Law is a system of rules created and enforced through social or governmental institutions to regulate human behavior. It can be found in a wide variety of legal systems and is an important part of any society. The law defines right and wrong, protects against harm, provides for a fair justice system, regulates economic activity, promotes social change, and more. Law is complex and varied, with many different interpretations, nuances and intricacies. The study of law is a broad academic discipline that encompasses the legal systems of many nations and cultures.
Oxford Reference offers concise definitions and in-depth, specialist encyclopedic entries covering all aspects of law-from criminal law, tax law and social security law, to international law, family law and employment law. Experts in their fields have written the entries, which are designed to be useful to researchers at every level of their careers.
Legal systems vary widely, from those based on ancient customs and traditions to those based on the principles of natural rights. Some are legislative, while others are primarily judiciary. The latter, known as “common law” systems, include the doctrine of stare decisis, whereby decisions of higher courts bind lower courts and future judges. These are contrasted with more detailed statutes and regulations enacted through the legislative process in “civil law” systems.
A key feature of law is that it has both a descriptive and prescriptive character. It describes how people ought to behave, or what they may require from other people, and it tells them what they must do if they are accused of a crime. This is a contrast to other types of science, such as the laws of nature (like the law of gravity), or even social policy (such as anti-discrimination law).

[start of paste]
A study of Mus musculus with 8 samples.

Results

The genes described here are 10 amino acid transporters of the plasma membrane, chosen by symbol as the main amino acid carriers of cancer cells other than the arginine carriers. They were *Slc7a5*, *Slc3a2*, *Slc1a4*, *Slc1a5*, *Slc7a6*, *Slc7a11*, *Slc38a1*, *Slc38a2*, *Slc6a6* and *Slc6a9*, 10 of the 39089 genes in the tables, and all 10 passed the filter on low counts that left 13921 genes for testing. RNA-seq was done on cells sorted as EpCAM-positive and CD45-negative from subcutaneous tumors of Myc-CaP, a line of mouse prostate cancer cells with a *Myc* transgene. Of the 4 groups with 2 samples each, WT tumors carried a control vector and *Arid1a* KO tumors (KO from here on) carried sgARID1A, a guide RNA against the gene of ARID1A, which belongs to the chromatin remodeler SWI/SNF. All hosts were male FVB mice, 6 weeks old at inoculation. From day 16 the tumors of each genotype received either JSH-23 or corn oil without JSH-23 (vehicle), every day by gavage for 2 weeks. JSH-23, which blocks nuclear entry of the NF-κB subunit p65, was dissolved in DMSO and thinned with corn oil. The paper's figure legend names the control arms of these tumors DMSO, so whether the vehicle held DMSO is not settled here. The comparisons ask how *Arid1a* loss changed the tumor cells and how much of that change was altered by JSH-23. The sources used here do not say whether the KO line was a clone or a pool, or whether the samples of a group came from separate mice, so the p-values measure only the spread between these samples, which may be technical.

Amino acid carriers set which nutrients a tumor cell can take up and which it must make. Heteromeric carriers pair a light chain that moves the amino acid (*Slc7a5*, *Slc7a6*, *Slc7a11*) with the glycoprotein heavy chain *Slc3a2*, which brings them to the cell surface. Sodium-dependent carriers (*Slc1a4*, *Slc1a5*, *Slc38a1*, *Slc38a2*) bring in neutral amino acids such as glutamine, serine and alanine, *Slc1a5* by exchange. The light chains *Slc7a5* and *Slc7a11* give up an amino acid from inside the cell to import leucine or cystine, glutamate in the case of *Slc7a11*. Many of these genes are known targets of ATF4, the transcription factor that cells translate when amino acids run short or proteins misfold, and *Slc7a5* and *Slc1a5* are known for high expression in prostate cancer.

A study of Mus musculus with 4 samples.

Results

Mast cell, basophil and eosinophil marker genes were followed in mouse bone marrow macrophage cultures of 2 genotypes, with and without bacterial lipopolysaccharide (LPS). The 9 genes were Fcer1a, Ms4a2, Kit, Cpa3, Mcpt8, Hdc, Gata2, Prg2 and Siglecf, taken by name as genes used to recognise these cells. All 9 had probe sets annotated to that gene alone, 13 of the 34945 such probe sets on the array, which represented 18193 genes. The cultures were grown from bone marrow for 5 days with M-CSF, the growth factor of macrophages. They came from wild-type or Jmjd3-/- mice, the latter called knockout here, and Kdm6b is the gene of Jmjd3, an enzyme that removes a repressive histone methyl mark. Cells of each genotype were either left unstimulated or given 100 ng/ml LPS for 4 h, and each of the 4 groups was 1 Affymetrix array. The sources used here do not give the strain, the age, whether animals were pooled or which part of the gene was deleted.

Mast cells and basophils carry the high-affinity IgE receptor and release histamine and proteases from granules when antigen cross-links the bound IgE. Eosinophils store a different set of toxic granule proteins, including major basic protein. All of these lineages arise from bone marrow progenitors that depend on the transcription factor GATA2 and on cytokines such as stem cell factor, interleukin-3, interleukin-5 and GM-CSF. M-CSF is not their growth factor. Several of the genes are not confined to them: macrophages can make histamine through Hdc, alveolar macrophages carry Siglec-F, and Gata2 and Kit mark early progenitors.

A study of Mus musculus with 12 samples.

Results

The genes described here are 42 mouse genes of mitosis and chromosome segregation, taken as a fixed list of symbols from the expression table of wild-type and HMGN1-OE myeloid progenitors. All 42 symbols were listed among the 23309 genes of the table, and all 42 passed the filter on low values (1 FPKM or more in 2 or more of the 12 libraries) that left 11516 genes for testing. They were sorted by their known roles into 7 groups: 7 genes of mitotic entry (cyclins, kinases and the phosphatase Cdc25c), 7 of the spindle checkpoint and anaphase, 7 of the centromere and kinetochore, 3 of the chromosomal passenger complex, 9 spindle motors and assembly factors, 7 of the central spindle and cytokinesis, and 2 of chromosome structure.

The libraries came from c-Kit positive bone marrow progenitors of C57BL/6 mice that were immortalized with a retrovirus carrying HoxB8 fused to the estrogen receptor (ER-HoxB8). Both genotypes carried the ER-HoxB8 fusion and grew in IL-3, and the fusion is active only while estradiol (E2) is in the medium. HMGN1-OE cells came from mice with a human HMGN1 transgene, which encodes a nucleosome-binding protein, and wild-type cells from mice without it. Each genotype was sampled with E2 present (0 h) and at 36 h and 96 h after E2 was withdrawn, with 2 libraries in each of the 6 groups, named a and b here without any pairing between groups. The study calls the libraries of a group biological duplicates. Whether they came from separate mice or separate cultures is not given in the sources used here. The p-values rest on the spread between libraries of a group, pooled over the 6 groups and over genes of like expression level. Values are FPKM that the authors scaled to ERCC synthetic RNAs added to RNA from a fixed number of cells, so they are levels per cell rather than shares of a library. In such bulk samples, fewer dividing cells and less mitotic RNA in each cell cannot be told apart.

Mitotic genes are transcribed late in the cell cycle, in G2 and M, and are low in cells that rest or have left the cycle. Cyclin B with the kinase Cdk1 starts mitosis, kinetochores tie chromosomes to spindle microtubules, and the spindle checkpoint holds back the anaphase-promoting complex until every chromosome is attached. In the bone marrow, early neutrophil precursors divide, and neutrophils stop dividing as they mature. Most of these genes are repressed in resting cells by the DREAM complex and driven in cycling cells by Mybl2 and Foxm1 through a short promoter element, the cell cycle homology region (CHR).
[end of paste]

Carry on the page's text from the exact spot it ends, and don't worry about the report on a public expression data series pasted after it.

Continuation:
An important aspect of law is that it is often effected through formal processes like trial by jury and the appeals process. Other important aspects of the law are discovery, arraignment, reversal on appeal, and the verdict in a case.
Some types of law are explicitly derived from religious precepts, such as the Jewish Halakha and Islamic Sharia, or Christian canon law. Other types of law are the result of human elaboration, such as the development of jurisprudence through the use of interpretation, Qiyas (reasoning by analogy), Ijma (consensus) and precedent in common law systems, or of the shari’ah in Islamic societies. The law of any nation must reflect its underlying values, and should be governed by principles such as supremacy of the law, equality before the law, participation in decision-making, accountability to the law, separation of powers, and legal transparency. This is the “rule of law”. It is a key element of democracy and human rights. It is also the guiding principle behind the United Nations system. Its implementation requires measures to ensure that the law is publicly promulgated and equally enforced, with adherence to international human rights standards. The rule of law is essential to the world’s peace, stability and prosperity.